The Witches (1990)

In Film on August 23, 2004 at 10:39 am


My goodness this is one nasty movie: so grotesque and scary for a children’s film…so good! It’s just surprisingly well done all around: excellent dark British humor, amazingly real makeup and special effects, and it featured Rowan Atkinson ;). It is based on a book by the wonderfully twisted Roald Dahl, directed by Nicolas Roeg, special effects by Jim Hensen. Story is simple: an orphan boy and his grandmother stayed at a hotel where a convention for ‘Women Against Cruelty For Children’ organization is held. But it was actually a disguise for a witch convention where witches from all over England met with their leader, the Grant High Witch (played brilliantly by Anjelica Huston). These witches are very normal looking except for these traits: there are errie purple glow in the eyes, square feet, and constantly scratching their head because they wear wigs to cover their hairless head. They schemed a grand plan of putting this new drug at candies that can turn children into mice.

All the women in the film are portrayed so freakish and grotesque. If I were fortunate (or unfortunate) enough to see this movie when I was little, I’ll be so scared of English ladies ever since. The boy-turn-to-mouse transformation scenes are so realistic and horrifying. But the absolute most horrifying effects is Anjelica Huston (click here to see some screen grabs), who’s a monstrous looking thousand year old witch who wore a human skin-suit to coverup her decaying face and body. Watching special effects heavy movies from pre-CGI days (especially those from my golden childhood 80s) still amazed me how puppets/models are so much more superior on visual and viseral impact. The talking puppet mouse is amazingly real (and cute).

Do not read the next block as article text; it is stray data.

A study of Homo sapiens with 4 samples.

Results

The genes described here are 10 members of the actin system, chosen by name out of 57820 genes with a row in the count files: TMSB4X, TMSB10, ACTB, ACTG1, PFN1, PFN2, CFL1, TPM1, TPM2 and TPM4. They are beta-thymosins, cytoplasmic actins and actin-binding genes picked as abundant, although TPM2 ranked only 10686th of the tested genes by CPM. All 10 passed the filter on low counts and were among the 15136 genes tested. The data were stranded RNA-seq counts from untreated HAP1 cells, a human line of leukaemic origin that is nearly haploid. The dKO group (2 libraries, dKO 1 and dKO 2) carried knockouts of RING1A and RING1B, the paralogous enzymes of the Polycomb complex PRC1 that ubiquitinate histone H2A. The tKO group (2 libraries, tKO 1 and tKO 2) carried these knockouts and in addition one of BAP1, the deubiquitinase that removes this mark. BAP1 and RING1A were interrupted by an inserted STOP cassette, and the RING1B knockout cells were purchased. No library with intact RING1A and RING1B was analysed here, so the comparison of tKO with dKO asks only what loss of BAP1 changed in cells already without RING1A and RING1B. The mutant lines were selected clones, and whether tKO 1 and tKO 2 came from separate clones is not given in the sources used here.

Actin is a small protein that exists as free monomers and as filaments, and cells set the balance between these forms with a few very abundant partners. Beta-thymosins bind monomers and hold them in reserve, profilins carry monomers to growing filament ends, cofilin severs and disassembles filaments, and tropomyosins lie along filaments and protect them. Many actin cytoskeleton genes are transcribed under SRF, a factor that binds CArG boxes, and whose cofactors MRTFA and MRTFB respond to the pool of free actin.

The most frightening part is actually in the beginning when the grandmother recount the story of her childhood friend who had fallen a victim of the witches. The girl was abducted and never found. Later family and friends was shocked to found a image of her inside a landscape painting hanging at her home, looking mournfully as a painting form stuck inside the painting forever. She would appear once awhile, and aged up as times go by…until one day she didn’t appear anymore. This sequence has the dreamy nightmarish quality as in Don’t Look Now, both frightening and beautiful.

The part where the boy is up playing on a tree when a hawkish lady walked up and tried to lure him down with chocolate was quite scary as well. The boy kept screaming for his grandma but met with no answer.

I was expecting a not-so-happy ending (which could be cute but still very sad for the grandma) until the very last minute a twist came around. It is touching and satisfying. Highly Recommend!